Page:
If You Don’t Like Something, Change It
It’s always been possible (extremely difficult, but possible) to create change from small towns far removed from the centers of political, cultural and economic power. (Case in point: Fannie Lou Hamer came from Ruleville, Mississippi, and she had as much to do with passing the 1965 Voting Rights Act as anyone.)
With the internet and new social tools, it’s easier, but it’s still noteworthy when teenagers from a place like Waterville, Maine help persuade/force major media outlets headquartered in New York City to change their policies. But that’s what Julia Bluhm (14), Izzy Labbe (13) and Maya Brown (18) did when they launched an anti-Photoshopping campaign targeted at major magazines. Here’s the lede to a front-page story (behind the paywall, alas) in today’s Boston Globe:
“WATERVILLE, Maine — This quaint New England town seems an unlikely garrison from which to wage digital-media warfare. But as Seventeen magazine editors have learned, youth activism can be ignited anywhere, given the right spark.
In April, Waterville eighth-grader Julia Bluhm, 14, journeyed to Manhattan to protest Seventeen’s practice of retouching photos, making girls and young women look sexier and less flawed. After an interview with CNN, she was invited to the magazine to discuss her objections and spent an hour doing just that. Bluhm and her teammates at SPARK — which stands for Sexualization Protest: Action, Resistance, Knowledge — eventually collected more than 84,000 signatures on their anti-Photoshopping petition, distributed online through Change.org.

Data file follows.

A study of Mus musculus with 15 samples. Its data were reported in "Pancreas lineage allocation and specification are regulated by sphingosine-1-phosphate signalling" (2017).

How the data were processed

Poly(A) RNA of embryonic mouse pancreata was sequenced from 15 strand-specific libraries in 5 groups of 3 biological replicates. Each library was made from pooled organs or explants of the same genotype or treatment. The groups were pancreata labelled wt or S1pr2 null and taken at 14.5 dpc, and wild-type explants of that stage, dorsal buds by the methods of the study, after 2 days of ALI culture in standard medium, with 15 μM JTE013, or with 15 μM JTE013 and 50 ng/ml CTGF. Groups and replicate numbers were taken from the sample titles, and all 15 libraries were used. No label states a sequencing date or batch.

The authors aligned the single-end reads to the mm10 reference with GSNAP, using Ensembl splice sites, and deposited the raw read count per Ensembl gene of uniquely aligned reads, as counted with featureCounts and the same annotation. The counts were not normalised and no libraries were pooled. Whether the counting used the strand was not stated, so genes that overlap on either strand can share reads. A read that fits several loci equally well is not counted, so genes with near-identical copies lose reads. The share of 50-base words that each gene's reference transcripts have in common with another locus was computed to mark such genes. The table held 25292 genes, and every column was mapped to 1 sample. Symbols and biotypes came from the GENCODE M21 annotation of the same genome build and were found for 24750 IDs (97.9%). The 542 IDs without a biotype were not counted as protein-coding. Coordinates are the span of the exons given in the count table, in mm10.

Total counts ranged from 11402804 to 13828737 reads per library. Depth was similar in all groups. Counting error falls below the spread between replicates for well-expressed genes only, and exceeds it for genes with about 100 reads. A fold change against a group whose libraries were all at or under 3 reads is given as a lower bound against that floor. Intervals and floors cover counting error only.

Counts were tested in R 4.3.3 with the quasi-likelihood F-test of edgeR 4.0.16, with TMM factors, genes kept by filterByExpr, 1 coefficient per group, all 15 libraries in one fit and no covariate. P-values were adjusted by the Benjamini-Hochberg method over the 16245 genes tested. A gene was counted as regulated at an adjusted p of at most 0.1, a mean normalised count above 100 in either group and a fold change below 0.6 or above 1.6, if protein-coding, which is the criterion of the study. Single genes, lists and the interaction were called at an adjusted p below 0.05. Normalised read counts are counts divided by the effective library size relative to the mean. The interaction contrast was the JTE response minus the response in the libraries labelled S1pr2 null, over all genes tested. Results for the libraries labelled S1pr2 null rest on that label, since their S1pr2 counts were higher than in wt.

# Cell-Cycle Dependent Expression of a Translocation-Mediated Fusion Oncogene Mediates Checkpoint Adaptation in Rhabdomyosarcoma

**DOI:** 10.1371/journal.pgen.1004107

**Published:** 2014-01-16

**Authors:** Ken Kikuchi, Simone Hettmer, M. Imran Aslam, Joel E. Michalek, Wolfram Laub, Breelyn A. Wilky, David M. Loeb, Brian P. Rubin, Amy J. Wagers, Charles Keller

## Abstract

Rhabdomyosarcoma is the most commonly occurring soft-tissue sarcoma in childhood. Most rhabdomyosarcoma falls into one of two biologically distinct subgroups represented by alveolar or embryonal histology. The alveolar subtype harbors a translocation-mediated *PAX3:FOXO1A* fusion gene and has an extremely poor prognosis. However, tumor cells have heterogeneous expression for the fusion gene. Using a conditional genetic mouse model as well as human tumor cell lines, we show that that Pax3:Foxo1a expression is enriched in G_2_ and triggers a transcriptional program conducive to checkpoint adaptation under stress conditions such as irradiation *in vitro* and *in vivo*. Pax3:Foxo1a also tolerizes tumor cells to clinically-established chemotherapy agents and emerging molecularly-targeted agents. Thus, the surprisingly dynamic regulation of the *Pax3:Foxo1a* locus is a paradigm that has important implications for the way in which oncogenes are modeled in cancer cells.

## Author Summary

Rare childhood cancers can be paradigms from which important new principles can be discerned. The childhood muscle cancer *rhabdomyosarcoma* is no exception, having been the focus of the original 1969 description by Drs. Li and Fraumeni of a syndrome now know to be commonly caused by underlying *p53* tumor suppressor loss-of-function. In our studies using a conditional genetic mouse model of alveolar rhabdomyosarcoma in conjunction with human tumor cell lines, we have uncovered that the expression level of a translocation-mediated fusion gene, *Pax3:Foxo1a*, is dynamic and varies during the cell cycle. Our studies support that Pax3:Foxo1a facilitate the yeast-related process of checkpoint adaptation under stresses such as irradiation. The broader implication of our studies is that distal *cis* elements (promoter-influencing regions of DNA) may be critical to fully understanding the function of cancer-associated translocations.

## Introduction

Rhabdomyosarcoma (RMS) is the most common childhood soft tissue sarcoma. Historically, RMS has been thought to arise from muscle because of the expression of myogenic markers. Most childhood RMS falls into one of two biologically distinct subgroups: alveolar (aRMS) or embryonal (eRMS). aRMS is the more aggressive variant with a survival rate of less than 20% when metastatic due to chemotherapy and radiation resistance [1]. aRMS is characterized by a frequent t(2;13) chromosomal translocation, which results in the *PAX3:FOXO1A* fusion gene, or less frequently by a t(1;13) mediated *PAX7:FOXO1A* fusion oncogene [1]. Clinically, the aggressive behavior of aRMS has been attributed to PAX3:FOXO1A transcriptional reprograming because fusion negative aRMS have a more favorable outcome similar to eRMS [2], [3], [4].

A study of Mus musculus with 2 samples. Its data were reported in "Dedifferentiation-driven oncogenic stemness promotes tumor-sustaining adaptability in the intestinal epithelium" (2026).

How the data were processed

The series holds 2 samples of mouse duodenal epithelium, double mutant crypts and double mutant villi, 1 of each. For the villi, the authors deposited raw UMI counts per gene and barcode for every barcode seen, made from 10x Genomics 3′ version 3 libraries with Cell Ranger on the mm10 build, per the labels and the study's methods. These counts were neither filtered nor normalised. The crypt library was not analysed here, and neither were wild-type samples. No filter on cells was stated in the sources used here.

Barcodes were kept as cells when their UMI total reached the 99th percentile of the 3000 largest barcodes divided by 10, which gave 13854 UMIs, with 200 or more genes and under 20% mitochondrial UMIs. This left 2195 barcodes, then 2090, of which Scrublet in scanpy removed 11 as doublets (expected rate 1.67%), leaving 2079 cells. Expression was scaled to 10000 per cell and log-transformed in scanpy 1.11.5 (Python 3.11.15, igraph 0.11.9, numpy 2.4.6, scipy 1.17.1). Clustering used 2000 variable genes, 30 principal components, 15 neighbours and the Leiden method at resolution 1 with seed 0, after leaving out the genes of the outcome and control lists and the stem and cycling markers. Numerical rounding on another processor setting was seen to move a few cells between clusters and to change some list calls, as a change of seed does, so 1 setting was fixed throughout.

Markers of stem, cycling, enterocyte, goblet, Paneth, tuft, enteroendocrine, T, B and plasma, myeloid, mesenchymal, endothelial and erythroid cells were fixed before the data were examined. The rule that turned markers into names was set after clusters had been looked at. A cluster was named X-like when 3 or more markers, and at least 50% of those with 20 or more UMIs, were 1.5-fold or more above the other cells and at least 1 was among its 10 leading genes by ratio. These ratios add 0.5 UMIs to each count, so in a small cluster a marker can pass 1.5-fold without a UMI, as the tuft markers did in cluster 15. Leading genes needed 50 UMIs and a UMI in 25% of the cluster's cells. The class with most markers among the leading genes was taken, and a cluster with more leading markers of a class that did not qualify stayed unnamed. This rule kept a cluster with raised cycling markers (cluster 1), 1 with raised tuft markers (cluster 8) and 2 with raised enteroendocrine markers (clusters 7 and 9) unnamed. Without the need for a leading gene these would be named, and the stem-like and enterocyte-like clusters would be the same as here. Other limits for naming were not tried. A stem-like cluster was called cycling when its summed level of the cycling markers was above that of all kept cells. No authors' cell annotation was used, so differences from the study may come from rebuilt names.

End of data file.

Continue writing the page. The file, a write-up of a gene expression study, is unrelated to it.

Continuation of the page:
After meeting with Bluhm and hearing from thousands of like-minded readers, Seventeen’s latest issue announced a Body Peace Treaty. The editors now promise to “never change girls’ body or face shapes,” to feature “real girls and models who are healthy” and to give readers a behind-the-scenes glimpse of how it shoots and edits photo spreads.”
SPARK isn’t stopping there. Today, they’re demonstrating outside the offices of Teen Vogue to demand they sign a “Body Peace Treaty” too. And they’re using Twitter and Facebook to invite teen girls from around the world to participate with them.
If you don’t like something, change it.